Nouri Maliki starts work on forming Iraq government

The BBC's Gabriel Gatehouse: "He's got 30 days to form a government"

Iraqi President Jalal Talabani has formally asked Prime Minister Nouri Maliki to form a new government.

The move gives Mr Maliki 30 days in which to negotiate yet more potential hurdles as he hands out ministerial portfolios to all political factions.

He called on Iraqis to turn over a new page and forget their differences.

The announcement is part of a power-sharing agreement ending a world record eight months of political deadlock since March's inconclusive elections.

"I charge you ... Nouri Maliki to form the new government, which we hope will be a real national partnership government which will not exclude any faction," President Jalal Talabani said at a ceremony at the al-Salam presidential palace in Baghdad.

This is one more step along the tortuous road to a new government, says the BBC's Gabriel Gatehouse in the Iraqi capital.

After more than eight months of limbo, squabbling and back-room negotiations, a deal was finally struck two weeks ago to allow Mr Maliki to remain in his post.

He is now tasked with putting together a government in 30 days.

Allawi fear

Accepting the nomination, Mr Maliki said he was aware the responsibility was "not an easy task".

Iraq government deadlock

  • March: Elections give two-seat lead to former PM Iyad Allawi - not enough to form a government
  • June: Parliament meets for 20 minutes, MPs sworn in but delay formal return to work to give time for coalition talks
  • August: Iraq's Supreme Court orders parliament to re-convene
  • November: power-sharing deal agreed. Shia bloc to get premiership, Sunnis to get speaker plus new role for Mr Allawi. Kurds keep presidency.

"I am addressing the great Iraqi people, all its religions, sects and nationalities, and our brothers the politicians, about the necessity to work to overcome the disputes from the past, to put them behind us and to open a new page," he said.

The new government is expected to include all the major factions, including the Kurds, Shia and Sunni Arabs.

It should also include Iyad Allawi's Sunni-backed al-Iraqiyya bloc, which won two more seats in parliament than Mr Maliki's largely State of Law coalition, but lost out after the prime minister formed the National Alliance with supporters of the radical Shia cleric, Moqtada Sadr.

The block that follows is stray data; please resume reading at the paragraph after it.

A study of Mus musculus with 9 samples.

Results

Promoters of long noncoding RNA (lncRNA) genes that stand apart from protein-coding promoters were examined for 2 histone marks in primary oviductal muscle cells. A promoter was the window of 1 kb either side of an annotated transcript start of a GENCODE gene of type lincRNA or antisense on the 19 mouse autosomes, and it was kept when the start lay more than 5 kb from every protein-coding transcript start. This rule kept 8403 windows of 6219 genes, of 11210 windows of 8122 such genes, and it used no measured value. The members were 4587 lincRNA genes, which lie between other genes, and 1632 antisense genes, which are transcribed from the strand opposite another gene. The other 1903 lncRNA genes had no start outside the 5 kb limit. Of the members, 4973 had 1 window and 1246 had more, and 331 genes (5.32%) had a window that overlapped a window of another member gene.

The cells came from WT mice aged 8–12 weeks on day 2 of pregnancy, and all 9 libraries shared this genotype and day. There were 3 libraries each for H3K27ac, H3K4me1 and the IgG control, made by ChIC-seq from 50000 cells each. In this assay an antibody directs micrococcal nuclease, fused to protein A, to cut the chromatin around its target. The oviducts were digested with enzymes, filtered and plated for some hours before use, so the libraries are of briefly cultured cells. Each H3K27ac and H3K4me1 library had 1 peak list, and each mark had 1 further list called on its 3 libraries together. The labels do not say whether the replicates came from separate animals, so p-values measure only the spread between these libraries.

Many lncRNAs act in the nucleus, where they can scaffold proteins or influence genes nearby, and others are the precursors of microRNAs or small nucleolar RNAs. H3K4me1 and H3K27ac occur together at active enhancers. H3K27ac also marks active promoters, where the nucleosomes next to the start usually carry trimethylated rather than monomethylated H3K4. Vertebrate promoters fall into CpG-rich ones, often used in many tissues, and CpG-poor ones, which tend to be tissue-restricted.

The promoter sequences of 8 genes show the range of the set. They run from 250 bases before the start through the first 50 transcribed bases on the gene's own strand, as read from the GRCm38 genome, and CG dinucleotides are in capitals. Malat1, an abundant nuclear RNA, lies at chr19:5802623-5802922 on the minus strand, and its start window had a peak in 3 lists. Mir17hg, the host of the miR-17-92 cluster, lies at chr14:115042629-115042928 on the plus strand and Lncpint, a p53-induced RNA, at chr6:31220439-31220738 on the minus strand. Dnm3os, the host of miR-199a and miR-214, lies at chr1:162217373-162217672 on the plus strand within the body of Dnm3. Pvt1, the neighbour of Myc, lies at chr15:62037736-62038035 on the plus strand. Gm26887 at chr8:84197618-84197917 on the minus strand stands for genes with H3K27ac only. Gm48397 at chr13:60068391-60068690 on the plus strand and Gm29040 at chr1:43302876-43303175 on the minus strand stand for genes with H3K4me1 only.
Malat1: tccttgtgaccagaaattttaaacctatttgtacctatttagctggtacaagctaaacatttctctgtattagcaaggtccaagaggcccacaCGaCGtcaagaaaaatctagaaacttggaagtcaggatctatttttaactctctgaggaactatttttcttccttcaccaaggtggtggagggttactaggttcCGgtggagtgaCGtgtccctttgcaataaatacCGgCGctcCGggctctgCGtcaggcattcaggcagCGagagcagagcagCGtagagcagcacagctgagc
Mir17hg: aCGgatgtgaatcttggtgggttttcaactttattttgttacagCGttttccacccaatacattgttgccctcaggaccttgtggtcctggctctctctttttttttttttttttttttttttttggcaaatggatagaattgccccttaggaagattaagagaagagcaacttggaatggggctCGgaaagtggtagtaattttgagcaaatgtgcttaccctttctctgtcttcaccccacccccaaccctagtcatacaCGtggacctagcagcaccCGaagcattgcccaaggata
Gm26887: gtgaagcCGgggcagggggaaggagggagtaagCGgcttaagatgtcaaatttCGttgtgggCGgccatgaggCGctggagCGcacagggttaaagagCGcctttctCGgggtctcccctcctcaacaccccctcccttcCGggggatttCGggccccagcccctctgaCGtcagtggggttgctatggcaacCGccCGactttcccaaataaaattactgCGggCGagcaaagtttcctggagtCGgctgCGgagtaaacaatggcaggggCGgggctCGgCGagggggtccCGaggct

But there are fears that the former prime minister could withdraw from the process if he feels he is being sidelined.

Such a move would be a setback for reconciliation, just one year before the US is scheduled to withdraw the last of its troops from Iraq, our correspondent says.

The road ahead is littered with potential pitfalls, and dividing up ministries among Iraq's notoriously fractious parties and factions will not be easy, he adds.


Mr Maliki requested that the political blocs vying for important ministries such as oil and foreign affairs should put forward well-qualified candidates able to take on the difficult challenges facing the country.

A senior lawmaker allied to Mr Maliki told the Reuters news agency that the National Alliance was seeking control of the oil and finance ministries.

Senior leaders from al-Iraqiyya meanwhile said they wanted the foreign affairs ministry, currently held by Hoshyar Zebari, a member of the Kurdistan Democratic Party. However, a senior Kurdish official said they did not want to lose it.

"We prefer to get the foreign ministry as a sovereign ministry because of the successes that we had the last four years. But if not, we will ask for the finance ministry instead," Adel Barwari explained.